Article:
Monthly Archives: February 2016

(R)EVOLUTION BERLINALE 66: Routing the Global “Integration” Movement Through Berlin

“We are all Africans,” announced Meryl Streep, president of the International Jury for 66. Internationale Filmfestspiele Berlin.



As the daily premieres of Berlinale 66 progressed, it became apparent that immigration and geopolitical borders was the undeclared theme of the festival marking the decline of the movie star” and rise of the auteur intent on exploiting the collaborative medium of filmmaking as a passage of inner/outer integration.


Ravi Pitts’ Soy Nero explored an immigration sub-theme of boundaries as Borge personal and geopolitical is story of a Mexican seeking to scale the border as a “Dream Soldier”. The first feature of the German director Anne Zohra Berrached had a biological boundary imbedded in its title, making 24 Weeks a moving drama of ticking time summing up the decision of the majority of pregnant German women to abort in the case of an unhealthy birth prognosis.

One of the more experimental films of the festival revealed universalism within geographical specificity; Hotel Dallas is a real tourist doppelgänger site in Romania, as well as a film collaboration between Romanian artist Livia Ungur and her Chinese American partner Sherng-Lee Huang uniting all manners of genre to create a surreal reality revealing the fallout of the communist regime’s methodology of attempting to instill social values through the airing of the eighties American hit TV show.

In Ali Abbasi’s Shelly, a fetus becomes a monster because of the failure of a Romanian body to contain the implantation of an embryo of a Viking couple. The horror film treatment of cross-cultural integration made this English/Danish/Romanian/Norwegian/Swedish film the unexpected Panorama breakthrough. The Panorama audience favorite, Udi Aloni’s Junction 48, pioneering new terrain of the Israeli Arab/Hebrew collaboration in which a Palestinian rap star expresses through his character original music embracing the multiplicity of new narratives arising from the Third realm of integration.

Fresh from its success at Sundance, Elite Zexer’s Sufat Chol (Sandstorm) is an intimate portrait of an enigmatic young woman pushing against the restrictive Bedouin social system to pursue her own path through love. This Israeli film, the outgrowth of enriching relationships the director established with the local Arab community, shared a powerful Arab actress with an Israeli TV hit, whose star arrived in Berlin to discuss how he plays both an Arab and a Jew as a human solution to the racial divide.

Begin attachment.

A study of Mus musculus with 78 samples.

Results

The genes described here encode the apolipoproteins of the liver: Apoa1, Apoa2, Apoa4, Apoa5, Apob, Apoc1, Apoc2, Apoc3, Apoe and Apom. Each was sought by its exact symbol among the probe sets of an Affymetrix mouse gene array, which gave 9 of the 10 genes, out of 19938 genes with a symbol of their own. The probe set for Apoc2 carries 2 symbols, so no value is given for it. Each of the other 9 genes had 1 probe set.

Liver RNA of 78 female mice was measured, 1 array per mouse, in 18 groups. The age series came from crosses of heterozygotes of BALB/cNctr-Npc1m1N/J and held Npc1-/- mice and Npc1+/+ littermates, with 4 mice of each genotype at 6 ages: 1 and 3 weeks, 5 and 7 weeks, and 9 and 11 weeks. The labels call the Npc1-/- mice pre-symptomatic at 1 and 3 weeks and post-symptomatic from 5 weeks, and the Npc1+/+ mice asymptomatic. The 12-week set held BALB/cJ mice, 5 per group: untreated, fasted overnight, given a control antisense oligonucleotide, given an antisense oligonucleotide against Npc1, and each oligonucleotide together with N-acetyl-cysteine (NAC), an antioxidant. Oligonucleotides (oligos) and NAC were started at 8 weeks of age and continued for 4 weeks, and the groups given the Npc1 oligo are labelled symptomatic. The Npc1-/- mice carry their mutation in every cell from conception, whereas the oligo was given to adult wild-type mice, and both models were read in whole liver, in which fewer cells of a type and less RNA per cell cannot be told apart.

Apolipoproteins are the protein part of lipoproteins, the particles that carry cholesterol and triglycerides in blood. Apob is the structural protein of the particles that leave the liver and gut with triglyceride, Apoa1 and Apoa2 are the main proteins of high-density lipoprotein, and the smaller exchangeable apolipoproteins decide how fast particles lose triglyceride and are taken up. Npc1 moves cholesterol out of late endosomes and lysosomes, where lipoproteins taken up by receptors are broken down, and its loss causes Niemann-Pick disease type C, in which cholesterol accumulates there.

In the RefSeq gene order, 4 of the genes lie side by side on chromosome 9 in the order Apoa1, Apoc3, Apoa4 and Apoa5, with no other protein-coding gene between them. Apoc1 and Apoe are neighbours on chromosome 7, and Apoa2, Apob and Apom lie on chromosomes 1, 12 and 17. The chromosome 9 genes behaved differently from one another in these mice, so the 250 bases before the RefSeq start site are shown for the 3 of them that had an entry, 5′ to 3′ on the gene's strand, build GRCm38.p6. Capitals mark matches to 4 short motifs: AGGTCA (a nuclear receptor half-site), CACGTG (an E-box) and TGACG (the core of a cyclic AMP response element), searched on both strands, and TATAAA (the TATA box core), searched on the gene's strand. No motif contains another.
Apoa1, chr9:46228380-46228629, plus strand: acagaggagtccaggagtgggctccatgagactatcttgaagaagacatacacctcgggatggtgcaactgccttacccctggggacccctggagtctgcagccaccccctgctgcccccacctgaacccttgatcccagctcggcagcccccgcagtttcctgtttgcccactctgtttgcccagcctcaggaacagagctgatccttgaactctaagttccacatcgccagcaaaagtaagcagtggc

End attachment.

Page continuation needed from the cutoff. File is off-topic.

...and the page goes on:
The first two episodes of The Writer screened in Berlin succeeded in breaking five taboos in as many minutes of its opening episode. The Israeli culture is therefore providing unparalleled insight into a binary system that can only be resolved through the creative leap into the Third space, defined by Aloni as a Noir Art transforming the dark energy of Uncertainty into the universal light of love.





As a whole, Berlinale 66. was a festival mindful of the balance indicated by its number. Michael Grandage’s brilliantly executed first feature, Genius, revealed artistic breakthrough as the essential balance between archetypes of father (Colin Firth) and son (Jude Law). Yet the overt slighting of the feminine demanded by the male theme shared the actress Jennifer Eule with Terrence Davies’ A Quiet Passion. Dulled by the role of the creatively unfulfilled wife of Maxwell Perkins, Elle’s luminous feminity sharpened into a compelling portrait of sisterly counter-balance to Cynthia Nixon’s heart-rendering portrayal of Emily Dickenson’s fated embodiment of the human sacrifice required by female genius.


Saint Amour co-directors Benoit Delepine and Gustave Kervern placed Venus into the body of the stunning green-eyed red hair Celine Sallette, providing a final image of feminine embodiment in her belly, pregnant with a future in which three fathers (Gerald Depardieu, Benoit Poelvoorde and Vincent Lacoste) claimed responsibility.

Three cheers for the future of film birthed in the third space of the erotic consciousness!